College-level education is as filled with pedagogical discussions as any faculty office of any level. It is a major concern. And yet I think, beneath the jargon and the method, we need to remember something very important: knowing when to do nothing at all.
Often we think of what to do. Of what needs to be known. To be read. To be argued. To be imparted. And of course, there is no time for all of it.
And of course, they cannot read.
And they cannot write.
So many needs that cannot possibly be met by a single individual in a single semester. I don’t care how many learning objectives, readings, group activities, and assignments you map for me: it is not enough. It will never be enough. Nor will it make education come to be. There is too much at hand, even when all of the steps are followed perfectly.
I think the key to really excellent teaching isn’t so much in successfully reaching a goal as it is in patiently welcoming failure after failure. In grinning at a mess. In knowing, with humility and humor, that they will forget most of it. That it is not possible to give enough background. That they will turn complexity into simplicity. That I will misjudge the hour, the words, the moment. And still to know that this, too, is learning.
I cannot count the wrong-headed things I myself have thought and un-thought, given enough time. Cannot remember most of the lessons I received at any point in my life, though they spin together in the synapses of my mind. All the things I apprehended and misapprehended all at once: they rest there as a sort of living history. “Scaffolding” is an idea the educational psychologist Erik Erikson taught: the teacher needs to build in steps, and then pull the scaffolding away to allow the student to think. Well, time is also a scaffolding. Time is the necessary condition of all learning. Patience is the necessary generosity of an education.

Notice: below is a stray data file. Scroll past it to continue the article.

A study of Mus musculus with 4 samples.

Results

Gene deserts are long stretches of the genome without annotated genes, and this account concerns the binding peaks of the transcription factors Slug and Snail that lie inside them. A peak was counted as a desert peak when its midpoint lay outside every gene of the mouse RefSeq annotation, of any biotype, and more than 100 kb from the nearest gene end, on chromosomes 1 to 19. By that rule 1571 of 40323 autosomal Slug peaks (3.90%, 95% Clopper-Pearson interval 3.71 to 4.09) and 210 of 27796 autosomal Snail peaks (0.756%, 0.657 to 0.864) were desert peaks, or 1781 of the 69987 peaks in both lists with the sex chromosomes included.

It is important to know when to correct, and when to not. It is fundamental to know to when to step in, and when to permit a struggle. Every teacher must know when to speak and when to remain silent. When a question is better than an answer. And, sometimes, when nothing at all is sufficient – except time, and patience for time.
All of us exist in a sort of poverty. Empty-handed and hungry. If the teacher gives to the hungry student, then it is out of a shared poverty. Out of a disposition that teaches the student patience for the unknown, and impatience for more. The teacher, more than anything, must embody such a disposition. It cannot be taught. Only offered continually, patiently, gently. From one poor beggar to another.
Learning is lifelong. This is why, before and after everything, it has to be lived. Not merely taught.